Jermain Defoe claimed his goal, claimed the headlines and England claimed the points.

But although this World Cup qualifier against Lithuania was a stroll, it did not mean they had to play in quite so pedestrian a fashion.

Sometimes, as manager Gareth Southgate later said, you kind of know you are going to win the match - and that is fair enough against opposition ranked 107th in the world, directly below Ethiopia, Mozambique and Mauritania - and this one will be filed under the heading "job done".

But no more that that.


Except for Defoe. Four years after his last appearance for his country, the 34-year-old was recalled and broke the deadlock, unpicking the most packed defence.

There was also the sight of Defoe leading out the team with Bradley Lowery, the terminally ill five-year-old who is suffering from a rare form of cancer, and with whom he has forged a bond.

No wonder Defoe spoke afterwards about having to keep his emotions in check.

His inclusion showed, also, that Southgate is bringing a pragmatic edge to team selection. For all the desire to promote youth, to change things, there was a recognition that against opposition who would effectively line up in a 9-1 formation and stay compact, England needed a player with a poacher's instinct to lead the attack.

Age is no bar.

Defoe is a veteran, but he remains the best finisher in this England squad and so he started the match, with Southgate turning to Jamie Vardy later on, when he knew Lithuania would have to try to push on and claim an unlikely equaliser - to "break their lines" and get in behind.

And so Vardy, 30, got the second goal. England's scorers were both thirtysomethings, a reminder to Wayne Rooney, at 31, what can still be done.

Rooney, out injured for these matches, is heading towards the end of his England career - or so it seems - and needs to find a new lease of life, even though he has said his international career will end at the next World Cup, if he makes it there.

As things stand, that appears less and less likely.

So Defoe's selection showed good game-management from Southgate and there were other pluses. Adam Lallana again demonstrated how important he is to his country, Raheem Sterling highlighted how dangerous he can be, John Stones and Michael Keane forged an intriguing, youthful central defensive partnership, and Kyle Walker again impressed.

Not that anyone should get carried away. That has happened time and time again, and it should be remembered that the last time England faced Lithuania at Wembley, in a Euro 2016 qualifier only a couple of years ago, they put them away 4-0 and secured a seventh successive win, after the 2014 World Cup debacle with claims that a feel-good factor had returned.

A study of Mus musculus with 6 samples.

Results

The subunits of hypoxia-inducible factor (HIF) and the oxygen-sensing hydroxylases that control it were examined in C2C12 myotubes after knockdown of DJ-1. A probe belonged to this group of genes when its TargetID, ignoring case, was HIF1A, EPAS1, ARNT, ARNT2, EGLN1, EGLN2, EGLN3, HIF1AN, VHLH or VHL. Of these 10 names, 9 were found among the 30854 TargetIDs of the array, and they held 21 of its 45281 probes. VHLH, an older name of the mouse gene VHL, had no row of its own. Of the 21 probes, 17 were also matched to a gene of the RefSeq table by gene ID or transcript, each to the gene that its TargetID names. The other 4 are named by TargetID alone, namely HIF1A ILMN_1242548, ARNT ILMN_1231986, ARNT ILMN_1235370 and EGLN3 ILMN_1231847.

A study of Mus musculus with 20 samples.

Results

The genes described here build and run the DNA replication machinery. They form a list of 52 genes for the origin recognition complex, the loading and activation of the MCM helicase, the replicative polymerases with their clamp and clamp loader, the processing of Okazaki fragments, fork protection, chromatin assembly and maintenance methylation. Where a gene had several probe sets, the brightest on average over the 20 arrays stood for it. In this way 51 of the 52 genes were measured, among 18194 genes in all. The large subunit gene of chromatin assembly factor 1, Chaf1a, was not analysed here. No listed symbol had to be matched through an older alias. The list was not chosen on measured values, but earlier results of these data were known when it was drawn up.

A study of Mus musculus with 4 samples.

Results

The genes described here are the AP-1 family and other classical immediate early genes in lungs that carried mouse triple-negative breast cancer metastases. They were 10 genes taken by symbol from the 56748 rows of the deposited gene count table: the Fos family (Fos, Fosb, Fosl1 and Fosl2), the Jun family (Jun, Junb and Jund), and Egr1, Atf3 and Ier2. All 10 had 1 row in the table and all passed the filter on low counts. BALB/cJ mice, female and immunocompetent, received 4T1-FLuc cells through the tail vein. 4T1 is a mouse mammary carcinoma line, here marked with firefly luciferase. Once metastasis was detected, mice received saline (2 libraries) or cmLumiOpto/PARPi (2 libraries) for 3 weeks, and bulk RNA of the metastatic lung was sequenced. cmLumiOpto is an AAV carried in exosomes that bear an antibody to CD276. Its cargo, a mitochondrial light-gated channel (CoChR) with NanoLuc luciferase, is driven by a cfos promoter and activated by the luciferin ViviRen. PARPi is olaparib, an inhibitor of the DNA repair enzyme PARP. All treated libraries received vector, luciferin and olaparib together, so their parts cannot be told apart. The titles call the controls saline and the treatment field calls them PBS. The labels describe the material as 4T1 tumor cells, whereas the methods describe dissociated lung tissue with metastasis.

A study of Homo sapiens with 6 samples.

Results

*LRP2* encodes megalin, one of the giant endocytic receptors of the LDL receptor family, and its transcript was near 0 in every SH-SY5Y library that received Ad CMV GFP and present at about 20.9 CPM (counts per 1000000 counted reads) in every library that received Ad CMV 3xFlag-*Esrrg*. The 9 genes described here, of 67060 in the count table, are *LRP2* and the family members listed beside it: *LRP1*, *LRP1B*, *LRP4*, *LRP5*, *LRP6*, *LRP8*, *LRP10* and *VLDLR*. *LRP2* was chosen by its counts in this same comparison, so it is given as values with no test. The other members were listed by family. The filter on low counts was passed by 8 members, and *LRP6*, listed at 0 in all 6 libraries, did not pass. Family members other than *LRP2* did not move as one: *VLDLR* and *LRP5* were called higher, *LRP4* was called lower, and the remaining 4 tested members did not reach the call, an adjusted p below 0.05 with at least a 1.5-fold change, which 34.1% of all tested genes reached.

It soon went.

But there was another positive. With Azerbaijan scoring in Baku against Germany, albeit in a 4-1 defeat, England are now the only European nation in this World Cup qualifying campaign yet to concede a goal.

That breeds confidence, but let us be honest, it also speaks to how weak Group F is and how easily England should qualify, even if they do have trips to Scotland and on the artificial pitch in Lithuania to come.

It means, more than ever, that performances matter. England are building towards Russia, with Southgate, interestingly, also observing that having shown encouraging signs with their 3-4-3 formation in the midweek friendly loss against Germany, they have another system, the more usual 4-2-3-1, to turn to.

Except that that observation itself highlighted a problem. England look like they have defenders and forward players to rely on and promote, but central midfield is a big problem.

Against Germany, it felt a step too far for Jake Livermore and here again Alex Oxlade-Chamberlain did not seize his chance. Eric Dier is better as part of a three-man defence, so Jordan Henderson cannot come back soon enough.

Others - maybe James Ward-Prowse? - need to step up.

Sterling did that in creating Defoe's goal, as he showed speed and strength to ease past marker Egidijus Vaitkunas to pull the ball back. Defoe and Dele Alli were queuing up, and it was the former who side-footed powerfully high into the net for his 20th goal for England and his first since a previous World Cup qualifier against San Marino - 1365 days ago.

It was also Defoe's first England goal at Wembley for seven years.

He had already come close, latching on to Lallana's clever pass to force a smart block by goalkeeper Ernestas Setkus, but England, despite their dominance and possession, laboured.

It was quiet, very quiet and became even soporific until, on half-time, there was a jolt, as Nerijus Valskis latched on to a powerful header forward to nod the ball goalwards, past Joe Hart, who had come charging out of goal, with Stones scampering back to clear off the line.

Valskis was offside, but the flag stayed down.

The main danger, though, came from Lithuania's tackling, with Alli twice crunched late by Vaidas Slavickas.

Southgate realised he needed to change it up, and on came Vardy and Marcus Rashford to provide more pace, as the game was stretched. Ross Barkley, disappointingly, remained on the bench.

It was a sharp move inside the Lithuania penalty area, with Lallana's shrewd first-time pass releasing Vardy, that led to the second goal. Vardy calmly steered his shot around Setkus.

The striker should have claimed his second, when he was put clear by Rashford, but wastefully lifted his shot over the cross-bar. It meant that the scoreline remained modest, as was the performance, but England had the win.

And Defoe, appropriately, had the headlines.